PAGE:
Pollster Finds Embattled Governor Leads by 13 and Trails by 17 – in the Same Poll
Yesterday, the robo-pollster SurveyUSA released a crop of fantastic numbers for Oregon's Democrats. Senator Jeff Merkley, a first-termer who won a very close 2008 race, led his once-touted Republican opponent by 21 points. Ballot Measure 91, which would legalize marijuana in the state, was up by 11 points. And Governor John Kitzhaber, seeking a fourth term, appeared to have weathered the Danielle Steele-worthy scandals that had ensnared his fiancé Cynthia Hayes, everything from a secret green card marriage to her consulting work for a company that lobbied he governor. Kitzhaber's lead over Dennis Richardson, a state representative widely viewed as too right-wing to compete, had actually grown from 12 to 13 points since the scandals emerged.
"Oregon voters seem to-date unfazed by the developments," offered SurveyUSA, "and remain poised to re-elect the Governor to a 4th term"
Not much later, Oregon's KXL reported on a poll that showed Kitzhaber in a total state of collapse.
Even Dennis Richardson himself is surprised by the new numbers “It was just amazing to see that kind of a flip,” Richardson told KXL. “People finally have figured it out, that with cover-ups, waste, investigations, sweetheart deals, and pay-for-play they finally decided that’s not going to work for Oregon’s future.”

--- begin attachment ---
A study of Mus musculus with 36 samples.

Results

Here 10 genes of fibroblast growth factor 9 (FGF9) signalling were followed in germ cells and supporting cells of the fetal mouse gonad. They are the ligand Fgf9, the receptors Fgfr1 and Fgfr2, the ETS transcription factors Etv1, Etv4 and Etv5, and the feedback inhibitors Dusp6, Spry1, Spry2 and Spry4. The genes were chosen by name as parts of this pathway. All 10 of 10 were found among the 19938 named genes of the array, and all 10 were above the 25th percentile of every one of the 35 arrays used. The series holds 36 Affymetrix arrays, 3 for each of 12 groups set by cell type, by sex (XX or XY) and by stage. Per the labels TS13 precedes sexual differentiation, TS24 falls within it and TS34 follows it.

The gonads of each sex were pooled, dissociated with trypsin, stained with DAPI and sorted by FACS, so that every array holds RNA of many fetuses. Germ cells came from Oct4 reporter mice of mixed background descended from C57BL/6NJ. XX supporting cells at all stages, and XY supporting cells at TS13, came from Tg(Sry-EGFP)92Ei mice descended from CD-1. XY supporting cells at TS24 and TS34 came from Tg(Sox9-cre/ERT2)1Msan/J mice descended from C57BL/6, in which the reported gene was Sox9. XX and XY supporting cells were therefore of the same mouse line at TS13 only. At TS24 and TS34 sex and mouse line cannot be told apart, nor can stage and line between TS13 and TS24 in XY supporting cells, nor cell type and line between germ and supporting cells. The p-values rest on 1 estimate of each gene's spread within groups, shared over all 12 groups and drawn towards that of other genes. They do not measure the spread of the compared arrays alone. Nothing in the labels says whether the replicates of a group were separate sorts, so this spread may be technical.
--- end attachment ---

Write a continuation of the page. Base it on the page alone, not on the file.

Kitzhaber, who was up 13-points before a steady dose of negative press is now down 17-points. With 18% of those polled saying they have shifted allegiances, and were once voting for the governor but are now voting for Richardson.
The pollster that brought this funereal news to the Democrats? SurveyUSA. In the same poll, for the same network (KATU) that got the Kitzhaber lead, SurveyUSA conducted an experiment. Voters paying "close attention" to the Hayes story, roughly four of every five who were polled, were asked a follow-up question: After drinking in the Hayes scandal, were they still going to back their candidate? Thirty-eight percent of these voters backed Kitzhaber again, 37 percent backed Richardson, 18 percent switched from Kitzhaber to Richardson, and a curious sub-sample that I will assume consist of Cynthia Hayes's immediate family members had switched from Richardson to Kitzhaber.
SurveyUSA's public explanation (I've asked some more questions, and will post any answers) was that "this may or may not directly overlap the universe of Oregon’s likely voters in 2014," and "what voters say and what voters do may be two very different things."
That's true. In the meantime, the pollster has managed to crush Republican hopes of capitalizing on a scandal and to generate panicked stories in Oregon media about how the governor's race just saw a 30-point turnaround.